Sifu Joshua Eaves
Martial Arts Credentials:
Si Quan 1998 (4th Level)
Wu Quan 1999 (5th Level)
Mid-West Representative 2001
Lineage Holder 2009
Lee Tzun Gin
Il Dan 1997 LTG (1st Black)
Yi Dan 2000 LTG (2nd Black)
Sam Dan 2004 LTG (3rd Black)
Sa Dan 2008 LTG (4th Black)
USA Regional Head LTG 2010
Green Dragon Kung Fu
Tae Kwon Do
Il Dan 1992 TKD (1st Black)
Yi Dan 1995 TKD (2nd Black)
Sam Dan 1998 TKD (3rd Black)
Weapons Instructor Modern Defense Systems
University of Missouri-St. Louis M.A. 2006
University of Missouri-St. Louis B.A. 2006
University of Missouri-St. Louis Minor 2006
*Participated in a rigorous combined program whereby both M.A. and B.A. were simultaneously pursued and subsequently awarded.
Sifu Josh Eaves
Having started martial arts at age 5, some of my earliest memories are of being barefoot, sweating and throwing kicks in a hot and musty dojo. My first instructor, and the single most influential figure in my martial arts development, was Sijo Gregory L. Taylor. Officially, I was told that I might be too young to begin martial arts, but at my mother’s pleading and with my two older brothers joining as well, Sijo Taylor relented.
Sijo Taylor first taught my brothers and me traditional Tae Kwon Do, which means the stances were low and the kicks were high. I accomplished much during this period and garnered many skills that served me well later in my martial arts exploration.
However, always being the youngest and smallest made me crave a more efficient means of defending myself.
When I was about 13, I was finally admitted into the Lee Tzun Gin class. Again, I was formally too young to be in the adult class, but Sijo Taylor acknowledged my skill, earnestness, and my desire to deepen my study in the martial arts. Being admitted into the Lee Tzun Gin class was a true gift. Few people in the country were doing what Sijo Gregg Taylor was doing at that time—blending disparate martial arts together to create a new martial method without the downfalls inherent in the originating styles. Those that were doing similar experimentations were mainly on the east or west coast.
Later, when I was about 13 or 14, I met Sifu Jeff Felty. My father worked with Sifu Felty and convinced him to train me. Much of my training with Sifu Felty could have been out of a kung fu movie. We trained in back yards and basements, in alleys and cramped apartments. I was very happy that I started Lee Tzun Gin because Sifu Felty’s sessions were rigorous and demanding.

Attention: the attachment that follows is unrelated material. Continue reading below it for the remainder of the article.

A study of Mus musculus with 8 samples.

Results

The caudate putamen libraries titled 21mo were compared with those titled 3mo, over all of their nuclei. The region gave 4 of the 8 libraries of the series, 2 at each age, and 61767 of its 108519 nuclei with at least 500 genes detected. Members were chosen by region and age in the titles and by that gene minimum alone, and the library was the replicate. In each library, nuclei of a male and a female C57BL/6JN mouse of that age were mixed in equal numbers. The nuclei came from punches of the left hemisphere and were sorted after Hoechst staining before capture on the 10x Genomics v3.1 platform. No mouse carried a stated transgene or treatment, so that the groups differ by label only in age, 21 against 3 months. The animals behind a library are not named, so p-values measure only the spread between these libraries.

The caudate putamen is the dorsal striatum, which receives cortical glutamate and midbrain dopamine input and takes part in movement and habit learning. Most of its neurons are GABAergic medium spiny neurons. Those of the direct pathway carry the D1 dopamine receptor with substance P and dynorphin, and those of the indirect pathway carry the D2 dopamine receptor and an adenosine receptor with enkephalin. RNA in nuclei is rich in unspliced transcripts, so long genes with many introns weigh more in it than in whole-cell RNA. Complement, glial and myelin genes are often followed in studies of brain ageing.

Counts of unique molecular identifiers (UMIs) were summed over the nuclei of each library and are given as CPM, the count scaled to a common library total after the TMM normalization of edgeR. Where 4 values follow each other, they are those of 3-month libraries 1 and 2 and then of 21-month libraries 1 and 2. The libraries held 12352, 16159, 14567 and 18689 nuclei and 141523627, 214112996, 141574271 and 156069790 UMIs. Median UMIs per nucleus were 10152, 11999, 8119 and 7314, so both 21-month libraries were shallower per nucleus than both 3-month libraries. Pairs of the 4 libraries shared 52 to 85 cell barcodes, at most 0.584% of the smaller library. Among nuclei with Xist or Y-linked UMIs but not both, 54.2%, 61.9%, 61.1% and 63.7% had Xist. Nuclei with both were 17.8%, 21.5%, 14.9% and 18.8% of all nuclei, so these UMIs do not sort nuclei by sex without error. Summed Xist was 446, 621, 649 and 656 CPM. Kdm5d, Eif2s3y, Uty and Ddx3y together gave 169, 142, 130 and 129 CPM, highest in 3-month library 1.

From Sifu Felty I learned Green Dragon Kung Fu and became a certified weapons instructor in Modern Defense Systems. In retrospect, it seems Sifu Felty and Sijo Taylor were on comparable martial journeys. Similar to a translator having the benefit of multiple translations of a text, I believe that being able to study with both masters at the same time greatly accelerated my skill and understanding. However, the main thing I learned was to evaluate the concepts underlying the martial arts. All martial arts are fundamentally the same, as physiology ultimately dictates available techniques and lines. In the end it is the details that make the "art". And I am very fortunate to have gotten the details from these two masters.
After much long and arduous research, I began to realize that styles like taijiquan, hsing-yi, and baguazhang were the most conceptually sophisticated. Though these arts are called “soft,” my previous training allowed me the insight to ascertain that the martial applications were devastating, bearing close resemblance to the formidable art of Silat which I have also studied.
As luck would have it, in 1995, I found a very charismatic and talented taijiquan teacher named Sifu Dennis Bussell.
Sifu Dennis Bussell’s understanding of taijiquan was unmatched. Question after question, test after test, he was always able to provide not just an answer but object lessons or assignments that directly communicated the principles of taijiquan. Whenever I reflect upon one of the many lessons, I gain a deeper understanding of the meaning, a further insight into that which he was trying to teach me.
Sadly, Dennis Bussell died in a car accident in 2009. He was a great brother, father, teacher, advisor, and friend.
Though he appointed me his top student before his death, I still feel unworthy of the honor, as I felt he had so much more to offer me in my martial walk.
Nevertheless, I have endeavored to pass on his legacy to the best of my ability. In order to help me do that, I continue to teach the soft style components of Lee Tzun Gin and I have created tingtaiji.com, which hopefully will become a resource for all who are interested in bettering themselves with this timeless art and Sifu Bussell’s teachings.